Former Dade County Sheriff Philip Street has died a week after getting a COVID-19 diagnosis. He got the diagnosis last Friday and went into the hospital on Sunday. He was 66.
He served from 1984-2004 as sheriff.
Currently he was the jail administrator for the Walker County Sheriff's Office after serving as a Walker County Sheriff's captain for seven years.
Walker County Sheriff Steve Wilson said he was "saddened and grief-stricken" by the sudden death.
He said, "I am saddened and grief stricken today as I announce the passing of my friend, Philip Street, (Ret.) Dade County, Georgia Sheriff and current Walker County Sheriff’s Office Captain of the Detention Facility.
"Our friendship spanned thirty-five years, dating to the time as parents we met in lamaze classes at East Ridge, TN hospital. (Can you imagine Philip saying and blowing he, he, he, whew?) Our daughters were born a month apart and became good friends at an early age.
"Throughout our law enforcement careers, Philip has always been there. As a board member of the Lookout Mountain Judicial Circuit Drug Task Force, as a fellow Sheriff and for the last seven years, as a supervisor and Captain of the Jail.
"There are numerous Philip Street stories to tell that I will keep close to me. However, one thing is for certain...if you were Philip’s friend, you knew it, no questions asked. Philip cared for his co-workers, especially the younger officers that he mentored. We will miss his counsel and work ethic. Philip loved his wife, his daughter, sisters, brother and his mother. Philip loved Dade County.
"What last words would Philip leave us with? Wear your mask, wash your hands and social distance. I’ll see you again, my friend, my brother in blue."
He had been one of the partners of the former Street Hardware where he was in business with his parents (Donald and Elizabeth Street of Wildwood) and other family members from 1974 until his election as sheriff in 1984. During those years he was a volunteer fireman at Trenton.
He said this was the beginning of his interest in law enforcement. He served as sheriff for longer than any other sheriff of Dade County. His career began when his department closed a massage parlor in Wildwood (which he said "was offering more than massages") and the work continued throughout the 20 years with multi-state and government agency efforts to combat criminals.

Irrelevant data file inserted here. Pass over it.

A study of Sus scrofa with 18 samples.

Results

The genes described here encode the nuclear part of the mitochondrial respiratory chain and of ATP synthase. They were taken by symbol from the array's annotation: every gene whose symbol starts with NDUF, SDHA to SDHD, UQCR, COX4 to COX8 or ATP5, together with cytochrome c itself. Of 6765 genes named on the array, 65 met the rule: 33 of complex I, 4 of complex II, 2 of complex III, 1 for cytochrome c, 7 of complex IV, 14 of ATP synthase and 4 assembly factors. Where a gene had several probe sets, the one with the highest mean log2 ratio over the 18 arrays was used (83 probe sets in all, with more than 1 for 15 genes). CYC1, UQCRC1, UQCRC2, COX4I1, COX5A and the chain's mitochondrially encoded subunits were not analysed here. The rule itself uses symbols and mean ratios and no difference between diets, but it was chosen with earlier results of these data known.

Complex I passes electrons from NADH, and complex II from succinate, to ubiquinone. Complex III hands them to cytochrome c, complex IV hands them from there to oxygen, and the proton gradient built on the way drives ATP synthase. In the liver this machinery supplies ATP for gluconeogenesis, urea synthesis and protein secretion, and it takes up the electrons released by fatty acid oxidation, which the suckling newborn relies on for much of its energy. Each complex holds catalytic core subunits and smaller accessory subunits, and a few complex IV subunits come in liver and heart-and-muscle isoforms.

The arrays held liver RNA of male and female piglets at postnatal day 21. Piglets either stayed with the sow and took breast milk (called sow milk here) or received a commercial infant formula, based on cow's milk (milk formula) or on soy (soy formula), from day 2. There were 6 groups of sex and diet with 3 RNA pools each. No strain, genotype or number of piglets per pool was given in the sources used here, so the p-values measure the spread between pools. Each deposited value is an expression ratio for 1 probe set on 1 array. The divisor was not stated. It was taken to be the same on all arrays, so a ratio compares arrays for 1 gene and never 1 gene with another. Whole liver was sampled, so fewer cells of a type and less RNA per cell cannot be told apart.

One which received nationwide recognition for its success was known across the South and west as “Operation Sand Storm” and netted the arrests and convictions of many drug and smuggling traffickers from Texas to Georgia. The current 911 emergency system was an outgrowth of his office.
After leaving the Dade County Sheriff's Office, he was employed in several law enforcement or emergency services related positions. Among them were Lookout Mountain Drug Task Force as an investigator; GT Distributors, one of the country’s largest law enforcement equipment suppliers, where he served as the general manager for five years, Transform Health Inmate Medical Company where he worked with county and city governments to acquire cost effective, on-site medical care for prisoners; from May 9 through September of last year. He worked for Dade County Government as project manager for debris removal to clean up roadways and communities after the tornadoes. He later was employed by DTS Disaster Recovery, Inc., as a senior project manager. He spent two months in Connecticut on the fall snowstorm debris removal project.
He was married to Sherry Lake Street and they made their home at Slygo. He has one daughter, Jordan, and a stepson, Corey Cresswell.